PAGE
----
PPSH-41

PPSH-4113

The PPSh-41 (Pistolet-Pulemyot Shpagina; Russian: Пистолет-пулемёт Шпагина; “Shpagin machine pistol”) was a Soviet submachine gun designed by Georgi Shpagin as an inexpensive, simplified alternative to the PPD-40. Intended for use by minimally-trained conscript soldiers, the PPSh was a magazine-fed selective-fire submachine gun using an open-bolt, blowback action. Made largely of stamped steel, it had either a box or drum magazine, and fired the 7.62×25mm pistol round. The PPSh saw extensive combat use during World War II and the Korean War. In the form of the Chinese Type 50 (a licensed copy), it was still in use in Vietnam with the Viet Cong as late as 1970.

The impetus for the development of the PPSh came partly from the Winter War against Finland, where it was found that submachine guns were a highly effective tool for close-quarter fighting in forests or built-up urban areas. The weapon was developed in mid-1941 and was produced in a network of factories in Moscow, with high-level local Party members made directly responsible for production targets being met.

A few hundred weapons were produced in November 1941 and another 155,000 were produced over the next five months. By spring 1942, the PPSh factories were producing roughly 3,000 units a day. The PPSh-41 was a classic example of a design adapted for mass production (other examples of such wartime design were the M3 submachine gun, MP40 and the Sten). Its parts (excluding the barrel) could be produced by a relatively unskilled workforce with simple equipment available in an auto repair garage or tin shop, freeing up more skilled workers for other tasks. The PPSh-41 used 87 components compared to 95 for the PPD-40 and the PPSh could be manufactured with 7.3 machining hours compared with 13.7 hours for the PPD. Barrel production was simplified by using barrels produced for the 7.62mm M1891 Mosin-Nagant rifle: the rifle barrel was cut in half, and two PPSh barrels were made from it after machining the chamber for the 7.62mm Soviet submachine gun cartridge.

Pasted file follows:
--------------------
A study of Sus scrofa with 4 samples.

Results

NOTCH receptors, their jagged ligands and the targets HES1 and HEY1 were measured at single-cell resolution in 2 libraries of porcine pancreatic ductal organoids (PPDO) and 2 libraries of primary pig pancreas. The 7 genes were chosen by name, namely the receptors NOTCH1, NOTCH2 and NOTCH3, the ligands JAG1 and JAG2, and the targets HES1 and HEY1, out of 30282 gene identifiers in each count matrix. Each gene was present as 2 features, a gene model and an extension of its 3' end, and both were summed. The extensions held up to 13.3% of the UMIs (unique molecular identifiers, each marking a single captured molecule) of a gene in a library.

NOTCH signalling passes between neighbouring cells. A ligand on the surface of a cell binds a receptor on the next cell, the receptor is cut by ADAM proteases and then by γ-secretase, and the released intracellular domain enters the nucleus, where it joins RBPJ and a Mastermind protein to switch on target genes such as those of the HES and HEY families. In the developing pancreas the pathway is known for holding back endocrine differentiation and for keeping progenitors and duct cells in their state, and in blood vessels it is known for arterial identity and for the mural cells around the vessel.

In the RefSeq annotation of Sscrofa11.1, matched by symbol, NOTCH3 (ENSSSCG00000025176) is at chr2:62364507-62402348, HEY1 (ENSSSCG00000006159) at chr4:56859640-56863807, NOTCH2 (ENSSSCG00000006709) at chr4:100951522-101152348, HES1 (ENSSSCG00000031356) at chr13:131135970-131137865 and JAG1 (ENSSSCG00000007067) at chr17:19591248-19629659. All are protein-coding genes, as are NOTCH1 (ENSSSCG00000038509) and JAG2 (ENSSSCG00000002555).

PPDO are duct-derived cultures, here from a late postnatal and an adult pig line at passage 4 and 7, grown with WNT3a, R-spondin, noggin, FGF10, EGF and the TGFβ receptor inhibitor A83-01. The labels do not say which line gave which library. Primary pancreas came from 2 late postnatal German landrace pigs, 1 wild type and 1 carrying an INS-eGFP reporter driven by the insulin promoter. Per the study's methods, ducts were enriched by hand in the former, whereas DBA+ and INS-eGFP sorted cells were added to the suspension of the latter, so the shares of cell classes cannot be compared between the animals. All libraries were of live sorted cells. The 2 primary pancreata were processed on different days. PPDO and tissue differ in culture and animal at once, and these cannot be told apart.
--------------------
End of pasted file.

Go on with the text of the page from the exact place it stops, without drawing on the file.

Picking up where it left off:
The PPSh was popular in the German armies as well, and captured examples were frequently returned to service against their former owners. Because of the very close dimensional similarities between the Soviet 7.62x25mm Tokarev and the German 7.63x25mm Mauser cartridge used in the Mauser C96 pistol, the PPSh could fire either cartridge, and was thus easily supplied with ammunition. In fact so many were captured that it became the second-most-common submachinegun used by German forces.

After the German Army captured large numbers of the PPSh-41 during World War II, a program was instituted to convert the weapon to the standard German submachine gun cartridge – 9mm Parabellum. The Wehrmacht officially adopted these converted PPSh-41s as the MP41(r); unconverted PPSh-41s were designated MP717(r) and supplied with 7.63x25mm Mauser in place of the Soviet 7.62x25mm cartridge. German-language manuals for the use of captured PPShs were printed and distributed in the Wehrmacht.
The Soviet Union also experimented with the PPSh-41 in a close air support anti-personnel role, mounting dozens of the submachine guns in forward fuselage racks on the Tu-2sh variant of the Tupolev Tu-2 bomber.

Over 6 million PPSh submachine guns were produced by the end of the war. The Soviets would often equip whole regiments and even entire divisions with the weapon, giving them unmatched short-range firepower. Thousands more were dropped behind enemy lines to equip large partisan formations to disrupt German supply lines and communications.